When Capleton said “A Rasta ting, yuh know” as a feud erupted between Norris Man and Sizzla on his ‘A St. Mary Mi Come From’ show held in 2007 he had no hint of the Rasta warfares that were brewing among entertainers.
From verbal exchanges to physical disputes and artistes walking out on others on stage, Rastafarian artistes have been causing controversy among themselves. Viewed as conscious and lyrically uplifting, there is a perception that Rastafarians should not be engaging in violent acts among themselves and other entertainers. Instead, these artistes should be setting an example for others to follow. However, over the past year or two, these same entertainers have found themselves in the midst of controversy.
Lutan Fyah raised hairs on some Rastas at ‘Reggae In The Valley’ when he made disparaging comments about his fellow Rastafarians. Lutan Fyah commented on-stage: “Big up Rodney. Him is a man weh tun nuff yutes inna millionaire. Mi nuh see no Rasta weh a buss nuh yute.” After which Luciano and Anthony B, who were scheduled to perform, left the venue without doing so.
Lutan Fyah says he currently has no disputes with other artistes in the industry. “Rasta nuh really feud, a negative vibe jus’ spill off. Wi nuh have any ongoing fight against Rasta. I and I nuh have no beef wid no man, I is a vegetarian,” commented Lutan.
As for the statement he made at the show, he says he does not think he was wrong for making such a statement. He says he is not concerned about what they have to say regarding his statement as he merely stated his own opinion.
His statement angered other Rastafarians such as Capleton, who later told the STAR “First an foremost, wi nuh waan people feel seh Rasta a build no negative vibes toward people. A warrior jus seh som’n weh him nuh fi seh an him haffi sort out dat. If me neva strong, to di vibe weh a gwaan, me woulda leave an nuh perform to. Everybody know how much youths Rasta buss over di years. A man nuh haffi literally tek a yout into the studio, cause youths emulate we. An mi never feel good seh Anthony B and Luciano did haffi leave di show an nuh perform due to dat either,” he said.
It would seem that the Rastas have developed a bad-man mentality in their behaviour and their image. From Munga calling himself the ‘Gangsta Ras’ to acting as such on stage. This was seen at Capleton’s own show ‘St. Mary Mi Come From’ when Norris Man was attacked on-stage by persons after he insulted Sizzla.Norris Man made a fuss when he believed Sizzla tried to rush him off stage. A throwing of words began when Norris Man commented: “Run di riddim, mi a bad man! A mi name Norris Man.” After a tussle on stage, Capleton had to come on stage reminding the artistes: “A St. Mary mi come from, a love mi seh, a unity.”
Another feud is going on between Munga Honourable and Deva Brat. The two battled it out on stage at Stone Love’s anniversary held at the Mas Camp. Deva Brat went on stage during Munga’s performance singing Talk Dem A Talk and pushed someone off stage, to which Munga responded by hitting him. However, the most recent clash was between Sizzla and Jah Cure at ‘Original Jam Jam’. The two allegedly got into a dispute backstage for unknown reasons.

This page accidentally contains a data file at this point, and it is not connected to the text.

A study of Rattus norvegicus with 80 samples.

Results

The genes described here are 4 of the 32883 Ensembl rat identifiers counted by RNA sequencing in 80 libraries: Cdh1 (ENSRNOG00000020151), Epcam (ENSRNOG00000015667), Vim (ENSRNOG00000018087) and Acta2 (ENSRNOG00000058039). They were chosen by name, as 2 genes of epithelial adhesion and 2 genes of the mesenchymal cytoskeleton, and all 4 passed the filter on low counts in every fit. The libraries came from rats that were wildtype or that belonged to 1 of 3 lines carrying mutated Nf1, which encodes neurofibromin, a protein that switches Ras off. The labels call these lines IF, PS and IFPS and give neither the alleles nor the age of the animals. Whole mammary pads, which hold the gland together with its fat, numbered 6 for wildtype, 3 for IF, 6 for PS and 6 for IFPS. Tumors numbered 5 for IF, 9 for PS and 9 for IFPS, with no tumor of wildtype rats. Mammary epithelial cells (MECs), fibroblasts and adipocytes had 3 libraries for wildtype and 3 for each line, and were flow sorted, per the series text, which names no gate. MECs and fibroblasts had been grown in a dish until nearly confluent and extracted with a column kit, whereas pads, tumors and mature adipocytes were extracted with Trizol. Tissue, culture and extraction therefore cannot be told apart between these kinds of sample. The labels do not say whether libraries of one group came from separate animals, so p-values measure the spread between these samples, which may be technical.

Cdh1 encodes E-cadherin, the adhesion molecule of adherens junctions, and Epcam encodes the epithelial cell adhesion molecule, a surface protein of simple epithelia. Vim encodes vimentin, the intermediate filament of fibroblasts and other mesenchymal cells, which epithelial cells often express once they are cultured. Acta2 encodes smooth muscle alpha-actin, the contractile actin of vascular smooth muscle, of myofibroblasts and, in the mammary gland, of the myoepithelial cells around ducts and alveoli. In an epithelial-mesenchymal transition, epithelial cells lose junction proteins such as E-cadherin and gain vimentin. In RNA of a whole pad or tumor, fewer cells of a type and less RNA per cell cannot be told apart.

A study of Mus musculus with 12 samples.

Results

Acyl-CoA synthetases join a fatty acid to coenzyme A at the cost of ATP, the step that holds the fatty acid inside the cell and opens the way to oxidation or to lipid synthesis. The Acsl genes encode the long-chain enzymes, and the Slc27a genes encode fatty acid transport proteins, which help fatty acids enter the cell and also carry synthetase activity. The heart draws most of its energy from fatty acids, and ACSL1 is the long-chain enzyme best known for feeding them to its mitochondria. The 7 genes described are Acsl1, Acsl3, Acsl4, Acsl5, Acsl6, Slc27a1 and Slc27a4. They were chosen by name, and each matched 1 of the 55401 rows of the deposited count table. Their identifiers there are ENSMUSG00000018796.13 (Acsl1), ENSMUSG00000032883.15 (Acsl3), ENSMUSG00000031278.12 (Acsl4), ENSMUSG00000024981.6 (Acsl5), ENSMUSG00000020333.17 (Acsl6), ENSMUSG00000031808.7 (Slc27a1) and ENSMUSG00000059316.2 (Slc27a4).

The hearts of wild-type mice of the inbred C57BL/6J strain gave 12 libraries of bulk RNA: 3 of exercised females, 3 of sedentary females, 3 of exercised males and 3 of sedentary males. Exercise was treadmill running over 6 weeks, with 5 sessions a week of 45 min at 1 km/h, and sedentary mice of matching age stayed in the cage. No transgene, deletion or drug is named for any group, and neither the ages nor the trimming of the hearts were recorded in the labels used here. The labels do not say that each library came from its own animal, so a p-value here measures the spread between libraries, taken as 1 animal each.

A peaceful people
Despite all the fueds, some still believe Rastas are peaceful. “Rasta is a peaceful set of people. Wi a nuh gansta, wi a Rasta. Wi a nuh bad man, wi a good man,” said Lutan Fyah. He says those Rastafarians who sing about violent lyrics are doing so out of their own experience and not based on the Rasta experience.
Bass-C of TOK supports the statements made by Lutan Fyah. He says Rastafarianism speaks about peace and love, while Rastas may have their differences, he says they do not have to display it publicly. It is, therefore, contradictory to see Rastas fighting against each other on stage or otherwise. As a result their fans may follow their actions.
Popular dub poet, Mutabaruka, says he is not pleased with the behaviour of some persons who have taken on the Rasta name on to themselves. He especially has a problem with those in the industry who are involved in feuds and who have violent lyrics.
“Obviously, is a contradiction. The music has gone a different way. These people coming up claim dat dem come from the ghetto. They have these feelings and project it like is normal behaviour,” said Mutabaruka.
He sees their behaviour as being on an individual level as most of the Rastas in the music industry come from ghetto areas, but not all of them react in a violent way. He cited I-Wayne as one of the many new Rasta artistes who has been delivering positive music to the people.
Mutabaruka says one cannot be both a Rasta and a badman. He says many of these “badman entertainers” are merely living out their “craziness” on stage and then pin it on the Rasta name. He says it is unfortunate that these persons are being highlighted in the media or otherwise, as they are only destroying the fabric of society.
He says feuds are nothing new in the Rasta community as Bob Marley and Peter Tosh had their own disagreements. However, these disagreements did not materialise on stage.